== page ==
11 months ago
Wednesday, January 21, 2009
I had a brief discussion with a friend yesterday about Obama's choice to have Rick Warren, the leader of a huge mega-church in California, to deliver the prayer at his inauguration yesterday. Apparently this is a position of prestige and generally considered to be an honour, which miffed the queer community (Warren was a strong advocate for passing Prop8 in November, has said some rather inflammatory things about the nature of queer relationships that he later downplayed, and his church supports programs to help "change" gays).
Some people support Obama's decision to invite Warren as his way of truly being "inclusive." Others point to the invitation of Gene Robinson, an openly gay Anglican Bishop, to give a prayer earlier as a counterpoint to Warren. There are also people who see Robinson's invitation, and the invitation of the Lesbian and Gay Band Association to the parade, as an affront to "family values" folks.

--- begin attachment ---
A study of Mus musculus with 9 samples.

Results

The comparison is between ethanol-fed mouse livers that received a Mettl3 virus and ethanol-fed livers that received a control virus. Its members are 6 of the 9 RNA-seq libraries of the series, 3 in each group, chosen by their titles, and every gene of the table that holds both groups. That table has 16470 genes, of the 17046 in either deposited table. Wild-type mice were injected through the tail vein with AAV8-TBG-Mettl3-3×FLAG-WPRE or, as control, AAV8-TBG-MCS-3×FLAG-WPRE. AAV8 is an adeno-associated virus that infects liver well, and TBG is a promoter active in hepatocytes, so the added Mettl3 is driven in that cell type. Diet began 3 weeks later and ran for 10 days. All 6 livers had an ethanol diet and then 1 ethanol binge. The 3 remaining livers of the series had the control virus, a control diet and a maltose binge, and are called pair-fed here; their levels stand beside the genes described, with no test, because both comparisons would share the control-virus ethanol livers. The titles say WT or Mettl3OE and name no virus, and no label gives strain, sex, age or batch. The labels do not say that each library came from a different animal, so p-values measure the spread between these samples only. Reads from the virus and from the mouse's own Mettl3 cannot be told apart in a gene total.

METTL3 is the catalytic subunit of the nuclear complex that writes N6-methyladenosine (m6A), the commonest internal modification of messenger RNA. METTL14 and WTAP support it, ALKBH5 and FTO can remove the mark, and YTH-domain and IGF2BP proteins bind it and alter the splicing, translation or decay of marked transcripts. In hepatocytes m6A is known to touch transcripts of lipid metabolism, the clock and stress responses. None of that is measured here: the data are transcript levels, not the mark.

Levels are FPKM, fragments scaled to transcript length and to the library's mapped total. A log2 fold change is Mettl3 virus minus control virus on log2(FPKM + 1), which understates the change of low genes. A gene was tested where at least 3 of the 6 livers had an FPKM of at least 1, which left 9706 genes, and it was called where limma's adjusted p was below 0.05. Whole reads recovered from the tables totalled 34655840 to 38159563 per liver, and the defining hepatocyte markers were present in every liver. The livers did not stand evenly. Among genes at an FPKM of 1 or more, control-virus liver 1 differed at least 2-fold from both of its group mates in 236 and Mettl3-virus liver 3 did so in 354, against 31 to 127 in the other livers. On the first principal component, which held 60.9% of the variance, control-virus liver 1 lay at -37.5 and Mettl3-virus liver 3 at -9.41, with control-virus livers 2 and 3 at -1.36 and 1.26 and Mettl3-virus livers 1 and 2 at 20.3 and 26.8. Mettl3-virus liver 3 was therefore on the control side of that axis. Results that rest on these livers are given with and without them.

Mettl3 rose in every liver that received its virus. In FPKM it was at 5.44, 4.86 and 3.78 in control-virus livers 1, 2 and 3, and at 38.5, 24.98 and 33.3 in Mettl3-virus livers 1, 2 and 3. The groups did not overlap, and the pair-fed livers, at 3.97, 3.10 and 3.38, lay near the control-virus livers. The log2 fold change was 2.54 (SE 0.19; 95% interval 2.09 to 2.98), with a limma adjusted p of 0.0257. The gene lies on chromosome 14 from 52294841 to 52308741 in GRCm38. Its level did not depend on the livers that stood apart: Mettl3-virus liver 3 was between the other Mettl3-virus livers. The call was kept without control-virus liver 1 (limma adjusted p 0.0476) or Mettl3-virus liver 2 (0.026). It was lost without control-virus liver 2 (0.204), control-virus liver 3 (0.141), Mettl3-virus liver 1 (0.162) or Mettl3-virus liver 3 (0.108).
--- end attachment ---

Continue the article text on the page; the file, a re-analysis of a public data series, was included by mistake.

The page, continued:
I think that the opposition to Warren and Robinson come from two different angles, and that the opposition to Robinson's presence isn't merited, while opposition to Warren is. This is because Warren himself has said extemely insulting, demeaning things about gays; he, himself, is a person who does NOT accept all Americans as being equal, under the law or in the eyes of "God." On the other hand, opposition to Robinson's presence comes not (necessarily*) from specific things he has said or done, but simply because he is gay. Opposition to this man comes from a stigmatization of all gay people, but opposition to Warren does not come from an opposition to all evangelicals.
There are, of course, exceptions to all these points, but this is by and large how the arguments are going, and I think that valid points are being made to suggest that Warren does not fit the spirit of "inclusion" that was supposed to be the theme of this inauguration.
*Some people do specifically have a problem with comments that Robinson has made in the past about homophobic religious types not being true to their religions.